Types of tenants
You will need to think carefully about what type of tenant your property will best cater for. If you market your property to the wrong audience, you may struggle to attract interest or waste time dealing with unsuitable tenants.
Knowing your audience is also crucial when it comes to setting the rental value and understanding how long someone may stay for. Here are examples of different tenants, all of which have the potential to be ideal for the right property.
May be single or married, tend to be younger (20 – 30) but many over 30’s also fall into this category. The typical property associated with these tenants tends to be a modern apartment with all mod cons. Space is less of an issue than having somewhere that looks good, with parking and good online connectivity. Probably more of a short let (c 1 year) potential but more likely to pay a higher level of rent.
There is high demand for student accommodation, as numbers have grown significantly over recent years with an increase in size of educational hubs. Students can be less fussy but still look for certain features such as proximity to campus, good transport links and access to bars, cafes and other social facilities. Landlords can be added to a list of approved accommodation as long as certain standards are met making it easier to let a property, but students are shorter term renters, with a year being fairly standard.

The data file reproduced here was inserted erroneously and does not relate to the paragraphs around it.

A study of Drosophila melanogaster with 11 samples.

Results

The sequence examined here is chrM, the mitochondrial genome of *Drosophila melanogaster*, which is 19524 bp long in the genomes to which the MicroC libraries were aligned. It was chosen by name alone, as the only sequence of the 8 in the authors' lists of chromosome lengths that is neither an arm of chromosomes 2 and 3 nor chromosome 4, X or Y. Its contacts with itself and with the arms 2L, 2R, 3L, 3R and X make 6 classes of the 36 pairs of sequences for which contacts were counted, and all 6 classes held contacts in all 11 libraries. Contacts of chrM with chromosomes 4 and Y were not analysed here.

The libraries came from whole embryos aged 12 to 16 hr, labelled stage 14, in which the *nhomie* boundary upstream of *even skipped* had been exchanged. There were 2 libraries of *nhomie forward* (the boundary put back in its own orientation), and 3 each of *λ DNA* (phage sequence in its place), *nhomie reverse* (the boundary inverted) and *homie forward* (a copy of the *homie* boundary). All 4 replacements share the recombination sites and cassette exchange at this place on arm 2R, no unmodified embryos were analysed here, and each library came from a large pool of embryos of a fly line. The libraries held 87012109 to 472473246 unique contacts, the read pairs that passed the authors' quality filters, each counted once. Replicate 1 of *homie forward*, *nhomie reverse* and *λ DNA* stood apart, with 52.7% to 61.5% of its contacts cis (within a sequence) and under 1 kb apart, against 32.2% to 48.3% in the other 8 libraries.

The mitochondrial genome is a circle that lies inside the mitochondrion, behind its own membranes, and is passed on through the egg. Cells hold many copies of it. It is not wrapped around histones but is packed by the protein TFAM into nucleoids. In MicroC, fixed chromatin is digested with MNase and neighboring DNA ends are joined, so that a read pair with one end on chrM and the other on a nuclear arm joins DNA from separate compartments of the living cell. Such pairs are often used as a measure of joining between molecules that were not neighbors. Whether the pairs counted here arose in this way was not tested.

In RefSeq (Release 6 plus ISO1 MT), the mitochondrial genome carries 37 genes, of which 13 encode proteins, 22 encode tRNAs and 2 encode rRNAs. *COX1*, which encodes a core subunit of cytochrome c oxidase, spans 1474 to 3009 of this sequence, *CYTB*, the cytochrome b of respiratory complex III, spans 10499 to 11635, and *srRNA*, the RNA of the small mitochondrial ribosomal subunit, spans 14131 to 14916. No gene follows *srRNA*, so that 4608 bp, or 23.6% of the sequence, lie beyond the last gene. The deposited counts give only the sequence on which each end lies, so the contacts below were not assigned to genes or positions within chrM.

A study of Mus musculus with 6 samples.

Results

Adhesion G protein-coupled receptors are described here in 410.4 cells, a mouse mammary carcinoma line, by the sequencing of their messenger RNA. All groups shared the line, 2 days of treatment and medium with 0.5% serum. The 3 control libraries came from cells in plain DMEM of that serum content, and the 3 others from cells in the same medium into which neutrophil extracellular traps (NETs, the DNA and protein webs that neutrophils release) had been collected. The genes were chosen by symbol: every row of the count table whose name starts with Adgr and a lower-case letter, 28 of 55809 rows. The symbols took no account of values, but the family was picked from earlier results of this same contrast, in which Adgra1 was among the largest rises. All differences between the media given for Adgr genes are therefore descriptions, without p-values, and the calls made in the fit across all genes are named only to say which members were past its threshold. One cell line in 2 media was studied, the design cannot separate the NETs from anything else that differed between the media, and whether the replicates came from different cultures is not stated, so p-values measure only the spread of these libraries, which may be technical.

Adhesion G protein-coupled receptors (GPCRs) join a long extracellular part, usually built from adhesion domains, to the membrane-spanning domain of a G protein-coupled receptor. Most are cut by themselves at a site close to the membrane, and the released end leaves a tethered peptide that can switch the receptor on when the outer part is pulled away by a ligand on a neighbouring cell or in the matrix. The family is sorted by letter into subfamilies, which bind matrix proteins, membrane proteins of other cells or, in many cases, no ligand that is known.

As you might expect, space is a significant factor for this audience. The number of rooms in the property; storage; an outdoors area; all are key features. Proximity to schools and colleges is also very important in their search for a suitable property. A family rental could be for the long term – several years – because stability can be very important.
Housing Benefit Tenants
Tenants paying some or all rent using Housing Benefit can present an option for landlords. These tenants cover a broad range, from families to single individuals.
A good letting agent can help landlords to understand their prospective tenants own unique set of circumstances, including how these might be accommodated and supported.